Can you explain the process that you go through to come up with your magic systems. So many fantasy books today have a "black box" type of magic system — in that you don't know how things happen but the caster just suddenly shoots a fireball out of his arse. Yours are in—depth and set out a very distinct give and take that the reader can understand.
All of your systems are unique, so again, how do you get to the point where you have a complete magic system that you feel is ready to put into a book. Since this is a discussion about Warbreaker, how specifically did you come up with biochroma?
I don't know if I can answer that question in the short space afforded by a discussion forum. But in general with my magic systems I'm looking for a variety of components. Most of them start with just an "Aha, there's something there!" moment in my head—either it's a plot hook or a conflict hook or a visual hook or something like that. I'm usually looking for something that does what I find exciting about magic, which is straddling the line between mysticism and science. And I'm looking for new ways to explore that. So when an interesting scientific concept occurs to me, and I can take it in the direction of "what if," that's something that I find fascinating.
For MISTBORN, for instance, telekinesis mixed with vector science was interesting to me. In WARBREAKER it was the concept of sympathetic magic—the idea that you can create something that's like something else and it will have power over that. I wanted to try and take it in a direction I hadn't seen before and blend that with the concept of animation, bringing inanimate objects to life. Those were interesting concepts because at one point people believed in both of these things as real forms of magic. They believed they could make it work. The myth of the golem goes way back, and the idea of sympathetic magic was around not too long ago—in fact there are still plenty who believe in it, in various forms of superstition.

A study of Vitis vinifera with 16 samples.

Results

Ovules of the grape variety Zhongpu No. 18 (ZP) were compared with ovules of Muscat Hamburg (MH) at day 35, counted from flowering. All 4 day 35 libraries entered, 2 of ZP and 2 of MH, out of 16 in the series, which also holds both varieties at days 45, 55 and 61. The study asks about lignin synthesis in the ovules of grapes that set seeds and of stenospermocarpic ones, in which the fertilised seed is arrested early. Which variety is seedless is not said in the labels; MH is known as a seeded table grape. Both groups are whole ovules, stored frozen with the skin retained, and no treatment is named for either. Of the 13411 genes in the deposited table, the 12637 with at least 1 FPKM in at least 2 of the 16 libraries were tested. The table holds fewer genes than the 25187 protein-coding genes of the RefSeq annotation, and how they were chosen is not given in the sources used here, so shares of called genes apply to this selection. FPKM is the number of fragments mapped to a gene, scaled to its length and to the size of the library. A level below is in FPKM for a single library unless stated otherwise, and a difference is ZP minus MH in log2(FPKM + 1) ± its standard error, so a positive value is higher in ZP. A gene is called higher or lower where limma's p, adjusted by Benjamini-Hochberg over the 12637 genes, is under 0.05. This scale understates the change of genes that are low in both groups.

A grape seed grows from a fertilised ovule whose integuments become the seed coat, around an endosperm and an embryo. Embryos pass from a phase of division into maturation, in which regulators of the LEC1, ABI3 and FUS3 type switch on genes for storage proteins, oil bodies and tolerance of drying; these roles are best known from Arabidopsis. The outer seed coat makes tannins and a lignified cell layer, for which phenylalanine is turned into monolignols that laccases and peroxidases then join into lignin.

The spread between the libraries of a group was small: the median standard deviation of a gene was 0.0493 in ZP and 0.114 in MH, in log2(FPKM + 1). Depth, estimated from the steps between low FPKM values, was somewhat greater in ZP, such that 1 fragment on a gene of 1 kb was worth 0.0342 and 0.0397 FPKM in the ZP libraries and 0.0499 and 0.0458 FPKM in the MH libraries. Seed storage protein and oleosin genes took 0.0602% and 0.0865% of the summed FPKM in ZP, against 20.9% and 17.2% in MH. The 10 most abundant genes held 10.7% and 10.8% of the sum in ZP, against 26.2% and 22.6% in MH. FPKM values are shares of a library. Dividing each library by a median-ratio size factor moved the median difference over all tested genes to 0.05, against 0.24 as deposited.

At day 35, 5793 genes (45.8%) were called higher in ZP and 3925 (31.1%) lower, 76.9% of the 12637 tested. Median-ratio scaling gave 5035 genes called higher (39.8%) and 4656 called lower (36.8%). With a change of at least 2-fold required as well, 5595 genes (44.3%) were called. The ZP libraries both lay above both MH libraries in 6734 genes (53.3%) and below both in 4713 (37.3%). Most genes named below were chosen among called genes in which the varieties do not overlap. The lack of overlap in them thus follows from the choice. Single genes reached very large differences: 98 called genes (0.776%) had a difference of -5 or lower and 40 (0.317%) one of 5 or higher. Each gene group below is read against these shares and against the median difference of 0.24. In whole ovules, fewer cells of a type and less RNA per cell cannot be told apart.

So I look for a blend of concepts. I usually look for an interesting visual paradigm—something that will work in a way that helps the reader visualize the magic. I don't want it to all happen nebulously in the back of someone's head. (And speaking of rear-end fireballs, I do believe I read a webcomic where someone did that. It was Thog Infinitron...I guess it wasn't a fireball.) But anyway, I'm looking for something that you can see and follow the process of what the character's doing in a way that makes sense.
I find that if there's one thing to take away from this, limitations on magic are more interesting than the powers themselves. And so I'm always looking for interesting limitations, because that forces me to be creative and forces my characters to be creative with what they have.